This lesson, and the other lessons in this unit, use the Isometric Drawing Tool. Before using this unit with your students, be sure to familiarize yourself with this tool and all of its features. Note that this tool is mobile, so students may use their tablets to access the tool.

Isometric Drawing Tool

To begin this lesson, ask students if they are familiar with isometric grids or isometric dot paper. (Some students may have also heard this paper referred to as "hexagonal grid paper.") If some students know what this paper is, allow them to share with their classmates. Then, ask when the paper is used. Students may express that the paper is used to draw three-dimensional objects, such as cubes. If no students have heard of this paper, share this information with them.

Distribute a sheet of Isometric Dot Paper to each student and place a transparency of one of these sheets on the overhead projector. Show students how this paper can be used to draw a cube by connecting some of the dots. (You may also want to shade one or two of the sides, to add perspective.) Ask students to create an object of their own by connecting some of the dots on their own. Tell them that their drawing should not just randomly connect dots; instead, it should represent a 3‑D object that could be built.

Isometric Dot Paper

Tell students to open the Isometric Drawing Tool on their computers. For this lesson, students should work individually. (Alternatively, pair students so that they may share a computer; however, putting students into groups of three or more may impede student learning and should be avoided, if possible.)

Read through the instructions of the tool. (In fact, you may wish to print the instructions, display them on the overhead projector, and walk students through the features of the tool step-by-step.)

As a class, have each student create the following figure on their screens. (Build the figure from front to back and from top to bottom, to assure proper alignment of the cubes.) It is important to tell students that the figure consists of eight red cubes below two blue cubes.

When all students have built this figure, have them press the **Inspect** tab.

This will allow students to rotate the figure in three dimensions. Students' computer screens should look something like this:

Go through each function in the **Create** and **Inspect** mode. Use the sliders to move cubes such that hidden ones are shown. After the figure is put back together, use the rotation tool to also show cubes that are hidden.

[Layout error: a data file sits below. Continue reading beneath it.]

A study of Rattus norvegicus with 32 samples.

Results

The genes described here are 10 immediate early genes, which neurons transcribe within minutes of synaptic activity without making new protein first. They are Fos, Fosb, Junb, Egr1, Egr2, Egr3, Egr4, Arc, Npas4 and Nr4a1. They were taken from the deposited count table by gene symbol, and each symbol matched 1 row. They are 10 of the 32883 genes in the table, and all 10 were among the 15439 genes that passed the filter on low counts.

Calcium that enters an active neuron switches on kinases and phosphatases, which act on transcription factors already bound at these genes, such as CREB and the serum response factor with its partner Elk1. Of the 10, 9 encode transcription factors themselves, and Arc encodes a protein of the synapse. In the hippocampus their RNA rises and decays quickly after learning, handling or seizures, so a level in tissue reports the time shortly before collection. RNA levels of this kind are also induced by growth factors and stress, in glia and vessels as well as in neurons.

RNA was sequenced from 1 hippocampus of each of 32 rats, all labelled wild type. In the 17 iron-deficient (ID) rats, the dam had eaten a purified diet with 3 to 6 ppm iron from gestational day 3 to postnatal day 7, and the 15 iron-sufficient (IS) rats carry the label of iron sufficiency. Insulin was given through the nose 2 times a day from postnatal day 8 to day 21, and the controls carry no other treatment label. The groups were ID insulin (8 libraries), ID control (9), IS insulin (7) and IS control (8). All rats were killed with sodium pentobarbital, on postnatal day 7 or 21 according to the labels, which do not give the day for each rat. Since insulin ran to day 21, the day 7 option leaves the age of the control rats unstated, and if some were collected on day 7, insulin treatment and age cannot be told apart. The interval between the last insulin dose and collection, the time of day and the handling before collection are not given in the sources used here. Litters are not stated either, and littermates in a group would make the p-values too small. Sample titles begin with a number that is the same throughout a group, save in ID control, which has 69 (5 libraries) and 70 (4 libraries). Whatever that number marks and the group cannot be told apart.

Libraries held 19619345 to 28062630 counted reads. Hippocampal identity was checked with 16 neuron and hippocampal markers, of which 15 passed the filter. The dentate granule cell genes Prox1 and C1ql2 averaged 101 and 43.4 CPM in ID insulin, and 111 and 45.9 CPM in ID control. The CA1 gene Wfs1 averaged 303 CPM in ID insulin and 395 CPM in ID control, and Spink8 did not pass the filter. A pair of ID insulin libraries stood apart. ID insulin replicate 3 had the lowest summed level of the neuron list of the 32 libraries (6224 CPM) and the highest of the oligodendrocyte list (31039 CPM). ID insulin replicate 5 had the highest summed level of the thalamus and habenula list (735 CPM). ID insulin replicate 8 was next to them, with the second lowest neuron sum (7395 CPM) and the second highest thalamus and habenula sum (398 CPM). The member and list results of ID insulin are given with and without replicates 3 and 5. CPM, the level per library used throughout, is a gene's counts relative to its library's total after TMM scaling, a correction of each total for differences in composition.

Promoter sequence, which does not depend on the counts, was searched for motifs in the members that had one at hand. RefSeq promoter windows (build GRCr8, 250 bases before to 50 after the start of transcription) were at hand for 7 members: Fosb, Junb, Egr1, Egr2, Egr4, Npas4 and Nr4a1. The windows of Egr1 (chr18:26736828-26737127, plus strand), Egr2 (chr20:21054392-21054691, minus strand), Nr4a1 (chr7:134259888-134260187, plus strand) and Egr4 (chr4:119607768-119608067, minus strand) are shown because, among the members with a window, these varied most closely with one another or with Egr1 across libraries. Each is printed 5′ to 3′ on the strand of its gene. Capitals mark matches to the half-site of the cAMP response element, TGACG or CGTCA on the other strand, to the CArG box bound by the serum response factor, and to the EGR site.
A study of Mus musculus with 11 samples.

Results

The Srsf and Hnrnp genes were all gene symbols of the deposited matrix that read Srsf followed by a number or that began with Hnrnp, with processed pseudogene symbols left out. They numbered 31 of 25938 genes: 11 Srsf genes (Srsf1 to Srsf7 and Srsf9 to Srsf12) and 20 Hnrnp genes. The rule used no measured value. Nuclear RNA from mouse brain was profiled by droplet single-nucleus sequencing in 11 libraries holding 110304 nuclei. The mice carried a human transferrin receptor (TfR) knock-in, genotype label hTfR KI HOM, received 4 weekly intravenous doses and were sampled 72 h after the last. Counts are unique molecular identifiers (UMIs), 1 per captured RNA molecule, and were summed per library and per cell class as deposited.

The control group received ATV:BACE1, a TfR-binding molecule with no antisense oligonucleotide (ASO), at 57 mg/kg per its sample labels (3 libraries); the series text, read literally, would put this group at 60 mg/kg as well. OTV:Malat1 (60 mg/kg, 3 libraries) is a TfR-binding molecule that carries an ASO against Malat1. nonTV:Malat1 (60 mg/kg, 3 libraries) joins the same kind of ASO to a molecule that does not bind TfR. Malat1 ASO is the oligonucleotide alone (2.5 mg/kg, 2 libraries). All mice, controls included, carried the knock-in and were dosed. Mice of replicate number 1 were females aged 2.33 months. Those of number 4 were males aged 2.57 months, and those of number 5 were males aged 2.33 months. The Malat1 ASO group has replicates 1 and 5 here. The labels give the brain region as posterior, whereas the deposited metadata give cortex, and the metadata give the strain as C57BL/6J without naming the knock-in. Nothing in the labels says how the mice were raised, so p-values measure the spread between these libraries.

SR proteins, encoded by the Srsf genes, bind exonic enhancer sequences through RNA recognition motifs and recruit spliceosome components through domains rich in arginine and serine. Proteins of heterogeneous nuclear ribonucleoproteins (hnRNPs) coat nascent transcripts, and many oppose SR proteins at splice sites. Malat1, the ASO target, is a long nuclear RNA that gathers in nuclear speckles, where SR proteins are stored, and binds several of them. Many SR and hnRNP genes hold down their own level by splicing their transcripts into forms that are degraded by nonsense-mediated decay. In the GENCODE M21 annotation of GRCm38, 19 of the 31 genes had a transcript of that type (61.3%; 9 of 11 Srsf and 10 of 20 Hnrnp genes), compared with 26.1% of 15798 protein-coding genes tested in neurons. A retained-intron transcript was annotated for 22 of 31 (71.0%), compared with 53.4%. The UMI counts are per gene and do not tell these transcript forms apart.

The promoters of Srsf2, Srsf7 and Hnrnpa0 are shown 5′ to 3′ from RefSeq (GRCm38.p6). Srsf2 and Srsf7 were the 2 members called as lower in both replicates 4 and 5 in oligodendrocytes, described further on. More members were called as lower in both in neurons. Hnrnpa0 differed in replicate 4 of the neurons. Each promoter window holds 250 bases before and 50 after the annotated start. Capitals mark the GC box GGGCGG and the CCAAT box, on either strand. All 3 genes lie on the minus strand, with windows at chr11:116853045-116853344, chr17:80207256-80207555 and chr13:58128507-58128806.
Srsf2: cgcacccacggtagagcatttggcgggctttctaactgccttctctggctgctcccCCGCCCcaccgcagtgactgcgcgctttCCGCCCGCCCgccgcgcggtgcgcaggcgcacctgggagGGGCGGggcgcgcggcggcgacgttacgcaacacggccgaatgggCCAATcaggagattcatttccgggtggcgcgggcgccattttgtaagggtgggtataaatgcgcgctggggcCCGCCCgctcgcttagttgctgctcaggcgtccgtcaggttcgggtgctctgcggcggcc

Next, ask students to refer to their own isometric drawing they created at the beginning of the class. To ensure that students are familiar with the tool, ask students to modify their drawing such that:

- The figure has more than five cubes.
- The figure uses at least two different colors.
- The figure indicates that some cubes are hidden behind or below other cubes.

Now, have students try and replicate their drawings using the isometric drawing tool. Once they have completed their constructions, have them check the constructions of the student seated next to them. Ask students to make sure that their classmate's drawings satisfy all three requirements. There should be multiple solutions based on the requirements, and this is a good time for students to share their ideas with the class. Circulate the room and help guide students who have not met all the requirements. Students can use the Print button in the **Inspect** mode to share their constructions with the class. You can also collect this as a form of assessment.

As a task for students, ask them to shift 5 cubes in their classmate's construction. Require students to move their own figures back to their original positions. That is, have them use the x-Axis, y-Axis, and z-Axis Sliders to practice aligning the cubes. (As students proceed through this activity, they may become frustrated. To alleviate this frustration, have students look back at their sketch and also use the **Inspect** mode for comparison.)

If time permits, students may create additional shapes. Or, if students master the Isometric Drawing Tool quickly, you might consider moving directly to the next lesson in this unit.